The first season for the Vegas Golden Knights has been a smash success by just about any metric you can use. The team has been outstanding – with 107 points, the team has the Pacific Division title in hand and trails only Nashville in the overall Western Conference standings. Sales have been brisk too, with the team averaging 18,042 fans per game – 104% of capacity at T-Mobile Arena according to ESPN (trailing only Chicago, Minnesota and Washington in percentage of capacity league-wide.) A big piece of that audience has been attending contests using tickets acquired on the secondary market, which makes the team’s recent decision to penalize season ticket holders for doing so all the more brazen.
With the team having secured its playoff spot, the team announced that it would be requiring season ticket members to sign what it is calling the “Knights Vow.” This vow prohibits season ticket members from reselling their playoff tickets on the secondary market. These fans can forego the vow, but will have to pay significantly more for the tickets in the first place. In an example put forward by team president Kerry Bubolz for ESPN, a season ticket holder who purchases a ticket that would have gone for $100 on the regular season would pay $125 in the first round of the Stanley Cup Playoffs. Someone who doesn’t opt into the restriction will pay $175 for the ticket. This 75% markup over regular season price to do what is legal in Nevada (resell a ticket) comes on top of the already difficult to transfer Flash Seats ticket model, as well as the team’s attempt to restrict all resale to one marketplace – StubHub.
“We’re a destination city. During the regular season, it was a big part of our event experience. But the Stanley Cup playoffs, that’s a different time,” Bubolz told ESPN of the fact that the team reaped a major financial boon from visiting fans passing through town buying tickets during the regular season. “We want to do what we can to support the hockey side of our organization.”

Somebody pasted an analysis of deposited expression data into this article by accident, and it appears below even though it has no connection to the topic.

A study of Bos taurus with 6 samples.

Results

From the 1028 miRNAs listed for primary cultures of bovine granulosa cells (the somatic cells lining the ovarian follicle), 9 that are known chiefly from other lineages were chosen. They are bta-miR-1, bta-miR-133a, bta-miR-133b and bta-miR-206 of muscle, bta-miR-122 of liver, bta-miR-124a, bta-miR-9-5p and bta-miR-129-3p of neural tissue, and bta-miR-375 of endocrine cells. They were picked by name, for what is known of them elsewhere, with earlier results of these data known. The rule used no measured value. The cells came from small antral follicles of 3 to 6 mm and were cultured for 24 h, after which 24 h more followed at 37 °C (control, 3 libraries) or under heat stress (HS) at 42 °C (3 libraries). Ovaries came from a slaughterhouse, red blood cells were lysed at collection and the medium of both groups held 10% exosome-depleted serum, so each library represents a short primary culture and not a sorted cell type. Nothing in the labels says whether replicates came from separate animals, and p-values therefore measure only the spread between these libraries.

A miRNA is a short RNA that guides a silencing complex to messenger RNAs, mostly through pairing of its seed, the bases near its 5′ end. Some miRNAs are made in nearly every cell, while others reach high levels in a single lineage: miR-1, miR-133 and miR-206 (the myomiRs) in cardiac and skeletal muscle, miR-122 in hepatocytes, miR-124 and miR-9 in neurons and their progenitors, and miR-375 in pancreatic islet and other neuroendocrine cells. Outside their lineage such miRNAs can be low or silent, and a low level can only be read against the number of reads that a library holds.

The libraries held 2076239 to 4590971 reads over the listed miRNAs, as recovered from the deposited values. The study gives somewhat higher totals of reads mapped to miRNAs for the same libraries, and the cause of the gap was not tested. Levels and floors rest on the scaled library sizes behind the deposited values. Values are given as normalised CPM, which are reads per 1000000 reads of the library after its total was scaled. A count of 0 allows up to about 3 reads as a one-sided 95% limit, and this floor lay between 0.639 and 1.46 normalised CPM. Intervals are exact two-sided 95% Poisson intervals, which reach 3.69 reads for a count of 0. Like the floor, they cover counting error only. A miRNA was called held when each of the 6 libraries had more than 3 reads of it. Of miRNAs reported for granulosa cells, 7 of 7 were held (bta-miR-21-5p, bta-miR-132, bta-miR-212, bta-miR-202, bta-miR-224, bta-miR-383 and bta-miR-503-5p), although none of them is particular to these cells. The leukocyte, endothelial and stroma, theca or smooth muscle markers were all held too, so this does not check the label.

“At the end of the day, we’ll make less money with this strategy, but it’s all about what’s the best thing for our home-ice advantage,” he added.
While that’s a politically safe way to push the narrative, it is likely that the opposite is true. The reason for the StubHub partnership, in terms of the value to a team entering one, is because the team itself gets a cut of tickets sold on the marketplace, as well as the ability to harvest data on both the original purchaser and the secondary purchaser via resale. We learned as much in the confirmation by StubHub that Major League Baseball teams both get a cut of the margin through their exclusivity with the resale market, as well as the fact that teams often directly resell their own tickets through the marketplaces to sell at above face-value prices by avoiding their own box offices and published face values.
In essence, the team is taking a triple-dip of every ticket sold through its authorized resale market. The team makes a per-ticket fee on any initial sale to its season ticket holders. Then, it captures a huge fee to allow resale at all. And finally, it takes a cut from the secondary marketplace fees charged to both the person selling a ticket, and the person buying it on the other end.
Thankfully there is a lot of fan enthusiasm from such a banner first year. Otherwise people might realize how badly they are being gouged by the management of their own new favorite team.